Despite setbacks on Asia-US undersea cable, Cambodia will be involved through Telcotech.
CAMBODIA’S connection to a high-bandwidth fibre-optic cable linking Southeast Asia to the United States is expected to go live before the end of this year, an engineer with the Cambodian member of the consortium building the network said last week.
The engineer, who asked not to be named, said Telcotech was aiming to “synchronise its launch” with the switching on of the US$550 million, 20,000-kilometre-long Asia-America Gateway (AAG) network, predicting a lag time of less than a month for testing and integration.
Mohamad Izani Karim, a spokesman for Telekom Malaysia, one of 17 members of the consortium building the network, said by email that the AAG was due to be launched in the final quarter of this year.
“AAG is physically complete, [but] we are putting it through a series of tests (both by the suppliers and the purchasers) to ensure that the system is ready to carry commercial traffic,” he said.
The AAG, which will directly connect Malaysia, Singapore, Thailand, Brunei, Vietnam, Hong Kong, the Philippines, Guam, Hawaii and the US West Coast, was originally expected to carry commercial Internet and voice traffic by the end of last year.
Cambodia missed its chance to have direct connection to the cable when its original representative, Pacific Communications Ltd, decided against it during the design phase.
Telcotech, which became a consortium member in October 2007 after Pacific Communications’ removal in February of that year, was left to negotiate connectivity through other member countries, the engineer said.
However, as a consortium member, it had the right to access connectivity from any landing point through a “backhaul agreement” with other consortium members at “reasonable cost”.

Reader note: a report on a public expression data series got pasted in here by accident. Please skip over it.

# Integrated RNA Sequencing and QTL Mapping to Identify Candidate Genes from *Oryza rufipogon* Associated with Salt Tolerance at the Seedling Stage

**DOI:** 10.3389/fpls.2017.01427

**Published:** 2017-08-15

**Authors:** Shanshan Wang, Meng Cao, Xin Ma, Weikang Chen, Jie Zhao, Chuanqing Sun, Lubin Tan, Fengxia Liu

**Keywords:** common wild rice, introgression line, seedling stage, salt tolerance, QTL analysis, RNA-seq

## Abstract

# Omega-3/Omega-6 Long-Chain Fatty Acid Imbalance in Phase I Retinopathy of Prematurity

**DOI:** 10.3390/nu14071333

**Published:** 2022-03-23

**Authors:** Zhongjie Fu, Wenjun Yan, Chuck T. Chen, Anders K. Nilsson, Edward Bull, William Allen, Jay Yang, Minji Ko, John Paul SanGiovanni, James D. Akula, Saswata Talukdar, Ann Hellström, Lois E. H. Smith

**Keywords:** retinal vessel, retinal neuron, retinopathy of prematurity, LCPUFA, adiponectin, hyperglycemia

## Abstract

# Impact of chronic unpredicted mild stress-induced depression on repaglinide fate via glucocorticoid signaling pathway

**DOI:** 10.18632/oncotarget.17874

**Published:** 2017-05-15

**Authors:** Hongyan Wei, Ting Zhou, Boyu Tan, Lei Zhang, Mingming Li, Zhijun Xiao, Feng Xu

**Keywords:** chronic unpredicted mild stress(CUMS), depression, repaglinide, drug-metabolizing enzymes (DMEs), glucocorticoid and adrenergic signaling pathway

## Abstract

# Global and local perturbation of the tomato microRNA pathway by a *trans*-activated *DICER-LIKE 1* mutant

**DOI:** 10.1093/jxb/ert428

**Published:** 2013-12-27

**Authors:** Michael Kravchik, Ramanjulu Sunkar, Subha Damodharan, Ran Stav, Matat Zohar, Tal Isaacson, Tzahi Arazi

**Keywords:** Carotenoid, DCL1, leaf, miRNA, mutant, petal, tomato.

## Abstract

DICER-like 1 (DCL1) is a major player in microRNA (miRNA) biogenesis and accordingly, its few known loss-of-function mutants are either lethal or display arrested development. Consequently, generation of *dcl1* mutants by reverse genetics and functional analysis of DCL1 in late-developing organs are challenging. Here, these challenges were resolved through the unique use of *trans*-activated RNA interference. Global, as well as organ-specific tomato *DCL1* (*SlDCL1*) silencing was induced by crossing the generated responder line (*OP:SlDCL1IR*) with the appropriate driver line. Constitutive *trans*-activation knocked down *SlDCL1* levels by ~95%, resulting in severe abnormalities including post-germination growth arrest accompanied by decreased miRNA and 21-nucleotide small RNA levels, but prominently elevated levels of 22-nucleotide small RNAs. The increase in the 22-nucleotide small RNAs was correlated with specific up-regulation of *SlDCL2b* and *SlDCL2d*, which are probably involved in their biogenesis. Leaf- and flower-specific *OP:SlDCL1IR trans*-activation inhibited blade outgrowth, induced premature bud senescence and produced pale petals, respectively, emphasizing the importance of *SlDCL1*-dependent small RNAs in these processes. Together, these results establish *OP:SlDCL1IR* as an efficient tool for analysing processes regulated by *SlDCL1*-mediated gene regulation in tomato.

It will initially access the network through landing stations in Vietnam and Thailand but is considering options to link to the network via other member countries.
The engineer said the cost of bandwidth via backhaul agreements would be more expensive than had Pacific Communications agreed a landing point in Cambodia, but that the terms of membership guaranteed a fair price.
That cost would also potentially be offset by providing bandwidth to the operator carrying the traffic from the landing station to Cambodia, he added.
Because Telcotech will own the capacity, it will also be of a higher quality than current connectivity in Cambodia, which is sourced from operators in Thailand and Vietnam that tend to provide the country only with overflow capacity.
“Cambodia will have dedicated access for the first time,” the engineer said.
Telcotech has completed a fibre-optic backbone to provide its bandwidth to major towns and cities across the country. It runs from Poipet on the Thai border through Phnom Penh to Xa Mat, a Vietnamese town on the border with Cambodia. It is also building a second cross-country network, which will run along a different route from Poipet to another location on the Vietnam border, most likely near Bavet, the engineer said.
A second connection from Phnom Penh to Sihanoukville has also been finished, which can be extended underwater to connect to landing points of the AAG in countries other than Vietnam and Thailand.
Telcotech is owned by its chairman, Huot Vanthan, who also has a stake in Maruhan Bank and Sotelco, the operator of mobile phone provider Beeline, predominantly owned by Vimpelcom Group.
Karim refused to reveal the reason for the removal of Pacific Communications from the AAG consortium, saying it was “privileged information which I cannot release”.
Pacific Communications could not be reached for comment last week, but according to local media reports, the company’s business licence was revoked in 2008 over an alleged corruption scandal involving company director Song Nimol, the wife of then-Telecom Cambodia director general Nhek Kosol Vithyea, which saw him removed from his post in April of that year.
In a filing to the Ho Chi Minh Stock Exchange dated August 28, 2008, the company’s major Vietnamese investor, Cables and Telecommunications Material Corporation, said it withdrew its 49 percent stake in the company – which it held with other Vietnamese investors – following the scandal.